Conserving wildlife habitat

Safe migration routes for Western wildlife

If you’ve seen a grizzly bear in a movie like Legends of the Fall, chances are you’ve seen the work of Vital Ground Foundation, an organization that protects the very land that wild grizzly bears need to survive.

By Kirsten Ferguson Mar 31, 2022

What grizzlies need more than anything is room to roam. The U.S. Fish and Wildlife Service has established six grizzly bear recovery zones in Washington, Montana, Idaho and Wyoming. Vital Ground conserves land for wild grizzlies in those recovery zones, including the land corridors that connect their habitats.

Animal trainers Doug and Lynne Seus founded the accredited land trust to honor Bart, a Kodiak grizzly who became one of their biggest stars. Over 32 years, Vital Ground has used conservation easements, land purchases and strategic partnerships to connect, protect and enhance more than 620,000 acres of grizzly habitat.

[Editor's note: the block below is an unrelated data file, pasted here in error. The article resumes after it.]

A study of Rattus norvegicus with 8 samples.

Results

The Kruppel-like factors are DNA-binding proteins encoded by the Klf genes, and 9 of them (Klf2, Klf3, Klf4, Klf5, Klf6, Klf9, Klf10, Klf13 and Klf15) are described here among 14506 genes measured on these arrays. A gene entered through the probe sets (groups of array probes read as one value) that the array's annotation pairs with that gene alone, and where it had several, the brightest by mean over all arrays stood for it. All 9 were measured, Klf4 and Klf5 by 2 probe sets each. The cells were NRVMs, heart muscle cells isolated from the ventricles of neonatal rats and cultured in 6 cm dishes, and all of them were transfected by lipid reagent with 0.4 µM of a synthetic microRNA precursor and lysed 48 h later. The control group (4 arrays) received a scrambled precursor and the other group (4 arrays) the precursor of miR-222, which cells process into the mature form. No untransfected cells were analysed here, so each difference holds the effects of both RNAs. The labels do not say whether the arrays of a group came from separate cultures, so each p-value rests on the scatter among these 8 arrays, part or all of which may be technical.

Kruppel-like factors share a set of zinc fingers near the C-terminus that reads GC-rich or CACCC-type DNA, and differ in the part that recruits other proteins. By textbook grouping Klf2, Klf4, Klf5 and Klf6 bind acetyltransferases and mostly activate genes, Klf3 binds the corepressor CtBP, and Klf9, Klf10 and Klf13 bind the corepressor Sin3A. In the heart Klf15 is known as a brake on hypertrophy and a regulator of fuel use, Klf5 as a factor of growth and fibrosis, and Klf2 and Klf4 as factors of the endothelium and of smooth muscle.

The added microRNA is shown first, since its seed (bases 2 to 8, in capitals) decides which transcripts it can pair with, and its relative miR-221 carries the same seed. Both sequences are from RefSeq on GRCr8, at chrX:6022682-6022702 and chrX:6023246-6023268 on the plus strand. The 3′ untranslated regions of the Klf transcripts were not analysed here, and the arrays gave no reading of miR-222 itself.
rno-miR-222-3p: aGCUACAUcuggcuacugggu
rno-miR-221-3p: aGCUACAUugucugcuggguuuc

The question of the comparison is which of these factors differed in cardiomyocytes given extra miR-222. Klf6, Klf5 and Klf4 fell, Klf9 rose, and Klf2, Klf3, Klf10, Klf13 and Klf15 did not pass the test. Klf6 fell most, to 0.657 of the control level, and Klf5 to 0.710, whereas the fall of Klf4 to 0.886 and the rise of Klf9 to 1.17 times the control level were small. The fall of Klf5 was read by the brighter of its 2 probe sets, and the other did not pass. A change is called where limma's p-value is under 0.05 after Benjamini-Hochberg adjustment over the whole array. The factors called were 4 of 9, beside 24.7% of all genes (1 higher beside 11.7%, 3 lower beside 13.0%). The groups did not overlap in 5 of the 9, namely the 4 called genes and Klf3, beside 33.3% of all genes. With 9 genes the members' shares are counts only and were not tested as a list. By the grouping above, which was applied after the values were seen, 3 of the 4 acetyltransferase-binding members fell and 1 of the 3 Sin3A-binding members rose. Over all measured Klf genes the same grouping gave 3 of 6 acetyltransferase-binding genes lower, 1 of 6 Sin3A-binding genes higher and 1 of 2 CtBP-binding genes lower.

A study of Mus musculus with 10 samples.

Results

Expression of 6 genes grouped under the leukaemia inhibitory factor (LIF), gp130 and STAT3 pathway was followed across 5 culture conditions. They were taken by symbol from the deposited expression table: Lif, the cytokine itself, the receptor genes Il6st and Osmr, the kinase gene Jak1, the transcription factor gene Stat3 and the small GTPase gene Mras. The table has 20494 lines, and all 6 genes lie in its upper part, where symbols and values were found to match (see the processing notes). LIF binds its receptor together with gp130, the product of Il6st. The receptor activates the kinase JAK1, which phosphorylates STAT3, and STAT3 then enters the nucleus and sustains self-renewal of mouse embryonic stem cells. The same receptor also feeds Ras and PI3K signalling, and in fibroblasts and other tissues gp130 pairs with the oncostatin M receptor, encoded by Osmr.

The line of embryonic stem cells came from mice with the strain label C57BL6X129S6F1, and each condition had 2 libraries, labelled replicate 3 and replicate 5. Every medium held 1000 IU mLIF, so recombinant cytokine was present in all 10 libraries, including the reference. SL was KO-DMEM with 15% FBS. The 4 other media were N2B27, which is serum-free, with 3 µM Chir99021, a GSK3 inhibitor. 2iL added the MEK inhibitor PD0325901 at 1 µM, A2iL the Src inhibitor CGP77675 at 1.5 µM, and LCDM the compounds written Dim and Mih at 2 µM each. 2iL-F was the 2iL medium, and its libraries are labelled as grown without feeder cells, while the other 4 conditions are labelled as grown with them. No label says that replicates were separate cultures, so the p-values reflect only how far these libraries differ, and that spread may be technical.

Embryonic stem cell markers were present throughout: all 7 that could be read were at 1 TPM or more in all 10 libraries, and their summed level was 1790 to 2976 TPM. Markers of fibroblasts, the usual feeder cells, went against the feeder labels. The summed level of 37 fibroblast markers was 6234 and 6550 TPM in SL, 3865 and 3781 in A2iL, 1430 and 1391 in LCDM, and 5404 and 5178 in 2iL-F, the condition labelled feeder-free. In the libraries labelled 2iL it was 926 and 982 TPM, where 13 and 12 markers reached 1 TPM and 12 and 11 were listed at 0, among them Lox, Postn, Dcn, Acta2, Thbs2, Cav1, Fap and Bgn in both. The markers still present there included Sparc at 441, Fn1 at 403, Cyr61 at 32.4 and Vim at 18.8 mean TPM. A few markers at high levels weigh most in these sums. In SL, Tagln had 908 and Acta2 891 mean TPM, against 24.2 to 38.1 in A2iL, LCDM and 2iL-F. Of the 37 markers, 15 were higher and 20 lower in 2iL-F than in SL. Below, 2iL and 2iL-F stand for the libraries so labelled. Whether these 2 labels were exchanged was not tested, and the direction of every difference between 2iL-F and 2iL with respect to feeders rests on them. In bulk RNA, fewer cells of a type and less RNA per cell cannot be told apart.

Like grizzly bears, which may range over many miles to find food, pronghorn need a great deal of space to travel. The unique Western animal was once threatened with extinction from hunting and the fragmentation of their landscape.

But in recent years, the accredited Jackson Hole Land Trust, Green River Valley Land Trust and other conservation groups have partnered on a successful Path of the Pronghorn campaign to protect the iconic antelope-like animal, which undertakes one of the longest migrations of North American land animals.

The Path of the Pronghorn is a migration corridor for 300-400 pronghorn that summer in Grand Teton National Park and winter in Sublette County, Wyoming. Now over 200 miles long, the route was the first federally recognized wildlife migration corridor in the U.S.

GRVLT and Jackson Hole Land Trust recognized the imminent threat of the loss of historic family ranches, rangelands and wildlife habitat, and put great effort into protecting local land with conservation easements and building wildlife-friendly fencing that won’t block the migration.

For pronghorns and other far-roaming species like elk and moose, these protected wild lands ensure their very survival – as well as the safety of humans now better protected from traffic collisions with the fast-moving animals.